As building rises, parking falls

Students and staff at Oswego State continue to be impacted by three major construction projects, causing changes in classes and on-campus parking.

The Piez Hall science complex project is the biggest of the three. Park Hall is currently shuttered for renovations while Wilber Hall remains open as an addition is added. Sheldon Hall is also undergoing renovations to its facade.

Allen Bradberry, the facilities design and construction project coordinator, said the science complex project is progressing on schedule and that approximately a quarter of the work is completed.

“We’re on track for meeting our milestone dates and looking on to the future for the opening in 2013,” Bradberry said.

A significant amount of work has been completed on the project since most students left campus in May.

“Last spring you probably observed just the relocation and excavation of utilities as well as some very extensive excavation,” Bradberry said. “Through the summer months the entire foundation has developed and you’re starting to see the super structure of the building.”

The science complex includes 240 geothermal wells drilled nearly 500 feet into the earth to capitalize on geothermal energy to heat and energize the building.

“The geothermal wells will serve to offset what would normally be fossil fuel consumption,” Bradberry said.

However, the project has not been without challenges. Classes that were originally supposed to be held in Park Hall had to be moved into Wilber Hall.

Construction will continue throughout the winter.

“They’ll have temporary enclosures and temporary heat in place that will allow construction to continue right through the winter months,” Bradberry said.

On any given day, there are between 75 and 100 workers that are working on the three construction sites.

“This will progress quickly,” Bradberry said. “We’re on track for meeting out milestone dates and looking on to the future for the opening in 2013.”

Parking has also been impacted as the expansion of construction has caused lots to be closed. Since last spring, 300 spaces have been lost.

“We tried to be conservative in looking at changes because we know change is sometimes frustrating for folks,” University Police Chief Cynthia Adam said.

Commuters and employees faced the most parking challenges this semester. Three employee lots were lost due to construction. In addition to E27 and E29 near Sheldon Hall, Lot 8, adjacent to Snygg Hall, and Lot 28, located between Park and Wilber Halls, have also been closed. The strip of diagonal parking between Park and Wilbur Halls, which had been commuter lots, is also no longer in use.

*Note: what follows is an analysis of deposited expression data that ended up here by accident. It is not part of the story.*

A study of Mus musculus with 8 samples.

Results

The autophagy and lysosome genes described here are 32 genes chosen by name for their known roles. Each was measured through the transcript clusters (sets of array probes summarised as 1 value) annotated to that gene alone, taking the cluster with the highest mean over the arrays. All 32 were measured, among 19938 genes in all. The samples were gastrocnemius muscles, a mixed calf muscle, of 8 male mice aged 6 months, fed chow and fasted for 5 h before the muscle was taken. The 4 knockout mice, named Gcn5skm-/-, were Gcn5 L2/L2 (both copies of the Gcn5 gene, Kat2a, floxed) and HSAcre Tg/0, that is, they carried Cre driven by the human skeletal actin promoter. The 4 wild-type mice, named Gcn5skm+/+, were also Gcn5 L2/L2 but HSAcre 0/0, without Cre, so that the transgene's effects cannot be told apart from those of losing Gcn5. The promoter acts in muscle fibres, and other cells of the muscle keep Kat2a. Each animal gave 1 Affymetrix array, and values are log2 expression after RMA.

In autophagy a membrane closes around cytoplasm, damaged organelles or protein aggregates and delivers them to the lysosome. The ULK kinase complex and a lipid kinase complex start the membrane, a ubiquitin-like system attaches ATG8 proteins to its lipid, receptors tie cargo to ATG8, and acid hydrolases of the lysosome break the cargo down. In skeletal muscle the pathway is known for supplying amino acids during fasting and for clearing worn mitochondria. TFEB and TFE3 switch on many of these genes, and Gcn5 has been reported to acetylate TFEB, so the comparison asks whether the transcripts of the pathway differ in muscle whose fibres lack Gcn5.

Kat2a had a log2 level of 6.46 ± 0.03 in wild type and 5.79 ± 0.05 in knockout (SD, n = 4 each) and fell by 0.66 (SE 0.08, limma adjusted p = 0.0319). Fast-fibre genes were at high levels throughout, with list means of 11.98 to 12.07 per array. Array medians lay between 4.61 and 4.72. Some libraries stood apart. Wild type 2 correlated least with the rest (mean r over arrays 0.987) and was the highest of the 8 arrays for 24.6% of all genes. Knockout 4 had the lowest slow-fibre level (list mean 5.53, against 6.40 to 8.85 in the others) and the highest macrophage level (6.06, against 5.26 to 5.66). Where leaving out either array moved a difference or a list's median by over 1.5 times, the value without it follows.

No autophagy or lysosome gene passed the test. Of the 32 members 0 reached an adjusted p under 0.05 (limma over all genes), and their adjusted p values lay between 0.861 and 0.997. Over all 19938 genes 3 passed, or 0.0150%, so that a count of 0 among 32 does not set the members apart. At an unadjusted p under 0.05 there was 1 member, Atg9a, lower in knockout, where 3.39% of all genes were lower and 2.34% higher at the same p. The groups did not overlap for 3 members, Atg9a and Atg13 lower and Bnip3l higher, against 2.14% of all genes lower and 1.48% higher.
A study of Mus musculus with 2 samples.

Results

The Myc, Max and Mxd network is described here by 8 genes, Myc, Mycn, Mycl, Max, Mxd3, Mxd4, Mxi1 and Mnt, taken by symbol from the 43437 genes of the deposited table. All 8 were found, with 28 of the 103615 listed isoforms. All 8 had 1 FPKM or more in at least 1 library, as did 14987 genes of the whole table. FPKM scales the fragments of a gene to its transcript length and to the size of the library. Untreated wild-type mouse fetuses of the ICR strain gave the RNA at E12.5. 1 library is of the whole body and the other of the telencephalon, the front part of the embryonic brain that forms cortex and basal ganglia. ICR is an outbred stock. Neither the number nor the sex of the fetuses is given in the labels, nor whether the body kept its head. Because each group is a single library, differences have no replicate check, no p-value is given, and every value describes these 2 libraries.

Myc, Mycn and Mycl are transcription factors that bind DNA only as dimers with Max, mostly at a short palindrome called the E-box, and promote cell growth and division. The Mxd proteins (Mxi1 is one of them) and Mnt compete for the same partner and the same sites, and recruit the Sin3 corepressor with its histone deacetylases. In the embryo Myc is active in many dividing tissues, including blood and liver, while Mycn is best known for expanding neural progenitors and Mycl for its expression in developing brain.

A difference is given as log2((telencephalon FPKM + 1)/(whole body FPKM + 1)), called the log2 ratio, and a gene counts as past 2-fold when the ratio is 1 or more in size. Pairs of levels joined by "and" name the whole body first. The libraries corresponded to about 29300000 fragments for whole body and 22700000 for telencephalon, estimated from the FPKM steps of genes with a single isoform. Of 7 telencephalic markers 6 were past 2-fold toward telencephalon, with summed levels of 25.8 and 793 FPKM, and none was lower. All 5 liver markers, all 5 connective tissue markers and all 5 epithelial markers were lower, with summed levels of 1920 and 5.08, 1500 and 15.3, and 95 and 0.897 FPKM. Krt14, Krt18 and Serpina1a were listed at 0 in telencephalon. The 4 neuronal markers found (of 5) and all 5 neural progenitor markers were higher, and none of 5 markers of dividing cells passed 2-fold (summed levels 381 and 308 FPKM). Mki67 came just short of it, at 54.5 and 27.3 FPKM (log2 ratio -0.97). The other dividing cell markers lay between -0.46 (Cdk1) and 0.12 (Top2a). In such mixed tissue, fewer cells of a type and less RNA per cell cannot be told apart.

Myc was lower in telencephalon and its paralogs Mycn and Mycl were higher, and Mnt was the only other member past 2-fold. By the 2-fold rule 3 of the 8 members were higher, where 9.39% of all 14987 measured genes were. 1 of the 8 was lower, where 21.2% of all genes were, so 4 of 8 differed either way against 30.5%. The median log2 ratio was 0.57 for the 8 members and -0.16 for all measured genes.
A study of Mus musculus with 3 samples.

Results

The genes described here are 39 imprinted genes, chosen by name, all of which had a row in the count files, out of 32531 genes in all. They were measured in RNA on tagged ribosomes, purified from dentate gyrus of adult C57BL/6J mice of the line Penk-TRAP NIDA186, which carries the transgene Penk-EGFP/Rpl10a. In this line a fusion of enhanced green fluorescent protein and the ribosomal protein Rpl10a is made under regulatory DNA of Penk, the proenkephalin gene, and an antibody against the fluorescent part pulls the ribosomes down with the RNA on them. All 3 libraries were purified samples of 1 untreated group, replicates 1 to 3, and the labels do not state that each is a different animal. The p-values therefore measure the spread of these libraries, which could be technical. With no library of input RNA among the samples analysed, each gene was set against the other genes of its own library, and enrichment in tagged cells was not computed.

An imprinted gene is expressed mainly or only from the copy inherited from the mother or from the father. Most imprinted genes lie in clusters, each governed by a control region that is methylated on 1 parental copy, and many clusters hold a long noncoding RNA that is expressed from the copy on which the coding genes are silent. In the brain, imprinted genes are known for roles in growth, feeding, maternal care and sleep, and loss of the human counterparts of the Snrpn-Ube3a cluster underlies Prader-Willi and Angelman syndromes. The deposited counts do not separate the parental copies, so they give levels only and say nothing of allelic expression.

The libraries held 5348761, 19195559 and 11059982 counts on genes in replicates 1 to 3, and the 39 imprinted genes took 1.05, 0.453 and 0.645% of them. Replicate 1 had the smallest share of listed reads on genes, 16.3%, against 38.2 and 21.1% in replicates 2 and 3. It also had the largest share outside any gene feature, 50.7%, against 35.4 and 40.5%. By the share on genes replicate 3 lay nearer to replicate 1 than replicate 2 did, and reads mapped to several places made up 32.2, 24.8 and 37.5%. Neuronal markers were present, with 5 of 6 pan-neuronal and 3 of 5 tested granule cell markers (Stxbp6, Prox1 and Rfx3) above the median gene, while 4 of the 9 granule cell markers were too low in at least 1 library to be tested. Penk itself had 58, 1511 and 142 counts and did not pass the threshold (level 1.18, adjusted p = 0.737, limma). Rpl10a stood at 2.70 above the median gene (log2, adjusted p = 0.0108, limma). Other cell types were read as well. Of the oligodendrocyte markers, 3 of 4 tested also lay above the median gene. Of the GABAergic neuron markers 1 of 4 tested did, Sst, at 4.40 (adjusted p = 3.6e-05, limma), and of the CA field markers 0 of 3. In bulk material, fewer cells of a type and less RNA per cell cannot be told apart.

“We’re trying to get all students and faculty and staff to really try to stay out of the east side of campus and instead park in the perimeter areas,” Adam said. “And that’s going to be for their benefit and also for pedestrian safety.”

Lot 17, located behind the Campus Center, will still have an overflow section for residents, but it has been moved from the north end of the lot to the southwest end.

In order to make up for the spaces that were lost by employees, Lot 23 which used to be split between employees and commuters is now an employee-only lot.

“Given that all these other employee lots had been closed, that lot has not been designated as employee only,” Adam said. “The compromise for commuters is that we have continued to provide an overflow of parking in Lot 18. That was only supposed to be one year.”

Commuters have been offered the option of parking predominantly in the Romney Field Lot. If they choose to park there, commuters will only have to pay half the amount they usually do for parking. Last year, not many students chose that option, Adam said. In order to further accommodate commuters, Adam said the bus shuttle will run from 7:00 a.m. to 4:30 p.m. this semester, adding another hour and a half from this past Spring semester.

“We are trying again to keep commuters out of the center of the campus during the peak hours of the day and instead have them park at the perimeter of the college…that way it reduces traffic and allows the shuttle to stay on time,” Adam said. “It can make better time if there’s less vehicles.”

The red shuttle loop has been eliminated and merged with the bus shuttle. Parking will be reassessed during the fall and changes may be made for the Spring semester, Adam said.

While a few select foremen and construction supervisors have been granted permission to park closer to the construction site, the majority of the workers park by Romney, Bradberry said.